AG seeks to slow Woodward lawsuit
By DAVID GRAM
MONTPELIER -- The Vermont attorney general's office has asked a federal court judge to put on hold a lawsuit by the family of a man shot by Brattleboro police until a criminal probe of the incident is completed.
The filing of that request by Attorney General William Sorrell drew an angry response from lawyers for the family of Robert "Woody" Woodward, 37, whom two officers fatally shot Dec. 2 in the sanctuary of the All Souls Unitarian Church.
"What they're trying to do is completely put a gag order on me and not allow me to get any discovery at all," said Woodward family lawyer Joel Faxon of Bridgeport, Conn. "That's ridiculous."
Discovery is the legal term for information gathered by lawyers as they prepare for trial. Sorrell's motion, filed late last week, argued that for Faxon and Brattleboro lawyer Thomas Costello, who is also working for the Woodwards, to have access to the information could taint the criminal investigation.
Woodward disrupted a Sunday service at the Brattleboro church, going before the congregation and saying he needed sanctuary because the government was after him. Witnesses also said he brandished a small knife. Police were called, three officers arrived and two of them, Marshall Holbrook and Terrance Parker, shot Woodward a total of seven times. He died in a hospital about four hours later.
There has been widespread criticism in the community, with questions raised about whether the officers overreacted or could have subdued Woodward without firing seven rounds at him.
Woodward's parents, Paul and Joanne Woodward, and his sister, Jill Woodward DeBrady, all of the Norwich, Conn., area, filed their suit in January against the town of Brattleboro and the officers.
The Woodwards' lawyers want to interview witnesses and review items ranging from police photos of the scene of the shooting to tapes of 911 calls. They're also seeking police manuals to determine what kind of training Holbrook and Parker had.
"They've declined to even let us look at the knife" with which an agitated Woodward was said to have threatened himself before the officers shot him, Costello said.
The attorney general's motion in the federal court said release of evidence before the criminal investigation is complete "could be devastating."
If the delay is not granted, the attorney general said, "there is a risk that the criminal investigation and any subsequent criminal proceeding may be tainted by inaccurate evidence, manufactured evidence, contaminated jury pools and by the possible infringement of constitutional rights."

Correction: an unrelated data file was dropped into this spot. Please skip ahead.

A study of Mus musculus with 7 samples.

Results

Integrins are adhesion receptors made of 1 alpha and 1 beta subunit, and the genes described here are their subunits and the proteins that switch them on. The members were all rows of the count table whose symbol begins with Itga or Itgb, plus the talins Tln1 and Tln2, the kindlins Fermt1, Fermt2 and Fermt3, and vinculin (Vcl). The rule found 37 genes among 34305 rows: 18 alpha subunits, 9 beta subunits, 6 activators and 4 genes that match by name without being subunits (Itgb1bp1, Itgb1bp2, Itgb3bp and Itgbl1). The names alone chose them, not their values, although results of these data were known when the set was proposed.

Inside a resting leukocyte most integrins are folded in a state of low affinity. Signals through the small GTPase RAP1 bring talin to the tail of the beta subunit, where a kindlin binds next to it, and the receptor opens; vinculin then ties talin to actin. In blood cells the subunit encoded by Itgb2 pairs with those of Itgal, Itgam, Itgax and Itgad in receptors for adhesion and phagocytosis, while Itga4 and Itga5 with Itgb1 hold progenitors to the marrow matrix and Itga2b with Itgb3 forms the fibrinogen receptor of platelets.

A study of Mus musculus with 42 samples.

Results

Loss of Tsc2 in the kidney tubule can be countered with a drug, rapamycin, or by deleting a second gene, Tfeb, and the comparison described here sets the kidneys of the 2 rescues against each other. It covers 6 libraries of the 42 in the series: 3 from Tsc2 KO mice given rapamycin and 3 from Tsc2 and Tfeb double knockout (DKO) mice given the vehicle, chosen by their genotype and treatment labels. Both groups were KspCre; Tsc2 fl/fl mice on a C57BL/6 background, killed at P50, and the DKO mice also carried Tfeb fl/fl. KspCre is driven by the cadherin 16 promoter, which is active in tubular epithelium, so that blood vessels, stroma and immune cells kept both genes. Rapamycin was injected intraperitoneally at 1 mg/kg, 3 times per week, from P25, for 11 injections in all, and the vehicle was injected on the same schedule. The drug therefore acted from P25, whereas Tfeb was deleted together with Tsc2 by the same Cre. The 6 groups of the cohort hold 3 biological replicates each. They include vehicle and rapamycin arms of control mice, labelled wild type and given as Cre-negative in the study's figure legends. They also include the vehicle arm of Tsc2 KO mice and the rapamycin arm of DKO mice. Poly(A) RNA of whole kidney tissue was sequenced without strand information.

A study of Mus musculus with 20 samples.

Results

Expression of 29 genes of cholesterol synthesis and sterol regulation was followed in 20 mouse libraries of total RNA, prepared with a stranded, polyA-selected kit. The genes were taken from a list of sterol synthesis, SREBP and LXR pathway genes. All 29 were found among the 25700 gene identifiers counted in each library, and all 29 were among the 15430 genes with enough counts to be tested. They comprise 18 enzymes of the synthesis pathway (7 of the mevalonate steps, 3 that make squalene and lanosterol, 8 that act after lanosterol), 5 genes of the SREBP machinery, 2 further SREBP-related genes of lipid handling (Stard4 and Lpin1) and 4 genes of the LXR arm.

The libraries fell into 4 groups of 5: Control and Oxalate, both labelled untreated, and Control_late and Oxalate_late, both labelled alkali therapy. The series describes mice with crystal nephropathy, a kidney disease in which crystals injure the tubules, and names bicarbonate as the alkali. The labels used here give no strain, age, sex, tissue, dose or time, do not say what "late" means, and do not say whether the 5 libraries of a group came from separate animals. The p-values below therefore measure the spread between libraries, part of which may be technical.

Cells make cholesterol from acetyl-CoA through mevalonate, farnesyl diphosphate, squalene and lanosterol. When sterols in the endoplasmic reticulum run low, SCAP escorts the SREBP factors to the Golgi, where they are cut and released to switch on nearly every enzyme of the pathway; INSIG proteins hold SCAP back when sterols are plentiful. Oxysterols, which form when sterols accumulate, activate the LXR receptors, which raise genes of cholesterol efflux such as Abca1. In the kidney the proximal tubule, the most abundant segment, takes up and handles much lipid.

The attorney general's motion asks for a stay of 90 days, but leaves open the possibility that the office might ask for more time later.
When they filed suit in January, the Woodwards expressed frustration that there wasn't more information about the case being made public. They said a key reason for bringing the suit was to try to glean the facts about what happened to their son through the legal discovery process.
Woodward's parents had not returned a phone call to their Connecticut home Monday several hours after a message was left on their answering machine. Faxon said they were "flabbergasted" by the latest turn of events.
Costello and Faxon said they were worried that several church members who could be key witnesses in the case were elderly, and that one has died since the December shooting. They also worry that witnesses' memories may fade with time.
Sorrell and two other top lawyers in his office are in Brattleboro this week conducting interviews with members of the church who witnessed the incident, he said in a phone interview Monday.
Both Sorrell and the family's lawyers said the case was unprecedented to their knowledge. Faxon said he had handled several other police shooting cases and had never encountered such resistance when seeking information.
Sorrell said it was "the first time that I've seen parties try to push a civil proceeding so quickly while a criminal investigation is active."